Lower Valley families going through a rough time ate soup and received care packages yesterday (Wednesday) as they filled out surveys provided by the Homeless Network of Yakima County.

Suzi Carpino, Sunnyside Readiness to Learn case manager, said the event was a success but said she wouldn't have an official count until next week.

"I think it was successful because we used home visitors and people who are already connected with the people we're trying to count," she said.

She said school home liasions, the Sunnyside Police Department and migrant home visitors were used in conjuction with volunteers to help get an accurate count of the homeless in the Lower Valley.

The purpose of the 'Point in Time Count' is to produce an annual one-day count or estimate of sheltered and unsheltered adults, children and youth in Yakima County.

The Homeless Network of Yakima County is trying to understand the size and the characteristics of the entire homeless population in a community, not just people using shelters.

Knowing how many homeless are in the county helps in planning for local housing needs and services, and allows funding to be received for homeless programs.

Volunteers went into the communities yesterday visiting homes, parks and other places to count the homeless. They directed the people they encountered to the Sunnyside Community Center for a hot meal and care packages.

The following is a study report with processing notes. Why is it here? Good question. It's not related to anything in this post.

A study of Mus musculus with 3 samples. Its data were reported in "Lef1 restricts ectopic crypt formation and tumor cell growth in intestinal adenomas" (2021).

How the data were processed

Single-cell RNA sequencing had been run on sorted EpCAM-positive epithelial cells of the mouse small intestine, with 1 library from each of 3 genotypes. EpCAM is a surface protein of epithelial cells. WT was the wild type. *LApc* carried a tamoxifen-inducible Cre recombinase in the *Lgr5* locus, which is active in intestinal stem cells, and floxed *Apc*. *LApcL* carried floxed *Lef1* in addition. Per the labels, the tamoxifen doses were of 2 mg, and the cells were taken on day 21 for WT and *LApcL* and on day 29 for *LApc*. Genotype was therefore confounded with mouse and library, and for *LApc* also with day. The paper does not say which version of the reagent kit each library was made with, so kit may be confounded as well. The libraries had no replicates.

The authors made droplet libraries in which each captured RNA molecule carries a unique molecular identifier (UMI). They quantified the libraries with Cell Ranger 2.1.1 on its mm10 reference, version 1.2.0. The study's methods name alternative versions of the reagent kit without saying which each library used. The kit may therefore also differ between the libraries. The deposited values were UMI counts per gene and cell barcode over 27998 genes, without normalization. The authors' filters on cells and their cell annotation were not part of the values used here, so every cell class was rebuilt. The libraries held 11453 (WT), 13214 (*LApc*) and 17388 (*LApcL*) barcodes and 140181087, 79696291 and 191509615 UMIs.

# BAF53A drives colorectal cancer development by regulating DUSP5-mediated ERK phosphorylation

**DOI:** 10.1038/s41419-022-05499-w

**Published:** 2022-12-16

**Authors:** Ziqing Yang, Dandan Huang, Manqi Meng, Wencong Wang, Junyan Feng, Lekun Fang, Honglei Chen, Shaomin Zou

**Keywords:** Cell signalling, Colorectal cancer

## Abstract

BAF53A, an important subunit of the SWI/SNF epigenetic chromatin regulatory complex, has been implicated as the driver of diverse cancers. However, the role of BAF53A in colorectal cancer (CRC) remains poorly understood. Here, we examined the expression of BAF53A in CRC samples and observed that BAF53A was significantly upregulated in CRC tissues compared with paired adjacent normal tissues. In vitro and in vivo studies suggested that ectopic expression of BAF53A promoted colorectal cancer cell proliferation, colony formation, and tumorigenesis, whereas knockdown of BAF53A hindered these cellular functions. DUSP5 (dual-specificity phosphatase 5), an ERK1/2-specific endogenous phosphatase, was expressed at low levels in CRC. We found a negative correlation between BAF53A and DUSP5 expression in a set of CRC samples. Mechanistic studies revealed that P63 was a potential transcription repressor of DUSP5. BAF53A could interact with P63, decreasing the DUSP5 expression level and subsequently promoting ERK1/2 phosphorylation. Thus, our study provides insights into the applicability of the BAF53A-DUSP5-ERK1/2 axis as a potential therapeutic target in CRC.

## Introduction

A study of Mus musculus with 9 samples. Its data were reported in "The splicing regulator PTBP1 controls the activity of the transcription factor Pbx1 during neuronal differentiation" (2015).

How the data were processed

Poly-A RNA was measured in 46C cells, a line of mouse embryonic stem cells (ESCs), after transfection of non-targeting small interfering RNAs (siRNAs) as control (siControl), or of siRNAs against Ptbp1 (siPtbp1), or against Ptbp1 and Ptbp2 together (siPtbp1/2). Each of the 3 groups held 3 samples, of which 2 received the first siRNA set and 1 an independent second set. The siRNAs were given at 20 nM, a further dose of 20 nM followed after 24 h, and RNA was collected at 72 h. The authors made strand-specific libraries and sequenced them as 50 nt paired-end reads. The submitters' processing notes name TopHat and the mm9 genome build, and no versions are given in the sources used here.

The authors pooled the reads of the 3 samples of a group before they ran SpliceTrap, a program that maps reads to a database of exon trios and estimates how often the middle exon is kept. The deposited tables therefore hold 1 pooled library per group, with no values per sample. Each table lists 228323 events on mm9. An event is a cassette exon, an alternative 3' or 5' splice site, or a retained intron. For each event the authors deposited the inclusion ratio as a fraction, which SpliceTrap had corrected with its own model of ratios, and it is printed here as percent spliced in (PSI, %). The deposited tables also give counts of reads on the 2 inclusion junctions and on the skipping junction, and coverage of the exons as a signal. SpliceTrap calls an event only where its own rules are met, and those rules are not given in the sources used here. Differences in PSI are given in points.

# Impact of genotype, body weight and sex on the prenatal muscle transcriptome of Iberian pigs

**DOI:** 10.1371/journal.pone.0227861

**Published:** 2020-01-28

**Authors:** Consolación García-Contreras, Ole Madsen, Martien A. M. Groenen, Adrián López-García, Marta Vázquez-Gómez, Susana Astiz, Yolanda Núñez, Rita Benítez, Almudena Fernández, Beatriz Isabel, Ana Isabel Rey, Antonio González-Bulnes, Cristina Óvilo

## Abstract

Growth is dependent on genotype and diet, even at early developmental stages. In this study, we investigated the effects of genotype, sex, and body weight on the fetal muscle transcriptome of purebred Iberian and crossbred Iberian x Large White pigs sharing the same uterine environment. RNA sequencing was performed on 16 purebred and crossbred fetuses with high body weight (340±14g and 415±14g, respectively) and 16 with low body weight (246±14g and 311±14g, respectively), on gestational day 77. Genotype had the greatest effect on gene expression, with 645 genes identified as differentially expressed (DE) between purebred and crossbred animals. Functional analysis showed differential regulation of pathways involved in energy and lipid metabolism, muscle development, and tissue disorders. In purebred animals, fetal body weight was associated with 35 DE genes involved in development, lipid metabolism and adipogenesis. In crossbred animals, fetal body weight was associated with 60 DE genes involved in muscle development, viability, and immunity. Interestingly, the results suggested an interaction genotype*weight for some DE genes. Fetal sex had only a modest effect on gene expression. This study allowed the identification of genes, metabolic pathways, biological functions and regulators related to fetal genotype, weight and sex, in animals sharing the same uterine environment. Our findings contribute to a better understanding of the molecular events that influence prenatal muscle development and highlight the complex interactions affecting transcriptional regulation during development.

Thanks to Fiesta Foods in Sunnyside and the Sunnyside Ministerial Association Food Bank, a menu of chicken soup, pork and bean soup, fruits and desserts was available.

Sacks of goods were also provided to the homeless. They included blankets, hats, scarves, gloves, men's and women's toiletries and books. The Sunnyside Police Department provided family relief meals, boxes with energy bars, microwaveable meals, juices, poptarts, crackers and canned food, to the homeless as well.

A homeless person is defined as an unsheltered person residing in a place not meant for human habitation, such as cars, parks, sidewalks and abandoned buildings. People residing in emergency shelters or in transitional housing are also considered homeless.

In 2006 the Homeless Network of Yakima County counted 1,265 individuals that met these standards. That number was a 75 percent increase in the number identified in 2005.

The people taking advantage of the free meal yesterday ranged from the old to the young. One 18-year-old came in only wanting a meal and some sleep. As he curled up in a corner on a mattress with a blanket, Carpino and other volunteers worked to find him some shelter for the next couple of nights.

One small group of women reported yesterday they feel really good about the homeless count. They added the biggest obstacle to them getting on their feet is finding housing, with the deposit payment and first months rent, sometimes last month's as well, being hard to come up with.

Carpino thanked the Sunnyside Police Department, Sunnyside's Promise, the Sunnyside High School leadership class, the Sunnyside Community Center employees, the different Readiness to Learn case managers, all the volunteers who performed the survey and the businesses that donated the food and items for the care packages.

She said without them the count wouldn't have been possible.